Neill Blomkamp on Short Films, Oats Studios, and Why He Would Never Borrow From ‘Halo’

We discuss the idea behind Blomkamp’s new studio and why the filmmaker is always striving to create new worlds.

It’s tempting to describe Zygote as the short film where Dakota Fanning gets chased by hands. That was my gut reaction to Neill Blomkamp’s latest Oats Studio short film, which borrows a bit from John Carpenter and expensive ’90s horror films to create a disturbing horror story about a futuristic mining company gone terribly wrong. Zygote is the latest in Blomkamp’s ongoing effort to revolutionize the way established filmmakers use short films, joining a blend of science fiction, horror, and comedy shorts on his company’s YouTube channel that has been steadily released over the past few weeks. And after writing about the possible directions that Oats Studio could take in the future, I sat down with Neill Blomkamp this week to further discuss his new studio and the creative decisions behind some of his signature shorts.

To hear Blomkamp describe it, the main impetus behind Oats Studio was to let his potential audience — not a focus group or individual Hollywood producer — dictate which of his company’s projects deserve to be adapted into feature films. “If the problem that Hollywood poses is that many ideas are shut down before they see the light of day — out of the fact that the studio guesses that the audience may not like it,” Blomkamp explains, “this whole company is kinda of like, let’s just make it anyway and see what the audience says.” This is an expensive way to crowdsource ideas for your next feature, but one that understandably allows Blomkamp and Oats Studio a great deal of creative freedom for each of his small projects. That also means that the majority of Oat Studios’s shorts are walking a unique line between telling original short stories and testing the waters on feature concepts. “Some of them are designed only ever to be short films and not features,” Blomkamp says, “but the bigger concept is to see which pieces work and make those into larger-scale features.”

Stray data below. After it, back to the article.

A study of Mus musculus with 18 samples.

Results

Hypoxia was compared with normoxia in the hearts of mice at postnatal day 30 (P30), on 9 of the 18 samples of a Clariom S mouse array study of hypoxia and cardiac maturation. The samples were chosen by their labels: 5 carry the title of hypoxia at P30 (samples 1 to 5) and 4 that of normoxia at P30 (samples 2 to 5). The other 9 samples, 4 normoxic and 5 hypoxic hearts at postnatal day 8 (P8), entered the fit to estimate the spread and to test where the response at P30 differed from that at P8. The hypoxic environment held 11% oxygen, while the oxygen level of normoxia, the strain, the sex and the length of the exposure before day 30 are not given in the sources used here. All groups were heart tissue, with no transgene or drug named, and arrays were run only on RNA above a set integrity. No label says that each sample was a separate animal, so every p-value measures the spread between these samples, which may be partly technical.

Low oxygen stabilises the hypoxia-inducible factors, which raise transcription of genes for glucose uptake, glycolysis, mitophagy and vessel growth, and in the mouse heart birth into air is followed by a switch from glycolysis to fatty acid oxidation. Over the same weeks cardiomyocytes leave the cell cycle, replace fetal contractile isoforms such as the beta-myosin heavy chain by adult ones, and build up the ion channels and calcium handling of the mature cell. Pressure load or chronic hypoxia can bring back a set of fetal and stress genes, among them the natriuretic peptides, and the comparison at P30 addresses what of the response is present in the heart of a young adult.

Unsurprisingly, then, the short films released by Oats Studios are not so dissimilar from the feature films that Blomkamp has already released. Blomkamp has never shied away from his love of making futuristic films where technology — and the occasional gaggle of alien invaders or refugees — run amok on Earth. It shouldn’t come as a shock, then, that Blomkamp’s longest shorts seem to operate at the same intersection of futurism and techno-horror that we’ve seen in films like District 9 and Elysium. When prompted to speak about his inspirations for the stories in each Oats Studio film, Blomkamp readily admits what he knows we already know: his career has been influenced very heavily by a handful of seminal science-fiction films. “I want to make films that feel like Blade Runner or Aliens because I love those films,” Blomkamp explains, “but I also want to make movies that feel like District 9, which hopefully don’t feel like many other films that come before it.” That means a lot of high-tech soldiers at war with a variety of monsters, but each with Blomkamp’s signature style and story elements.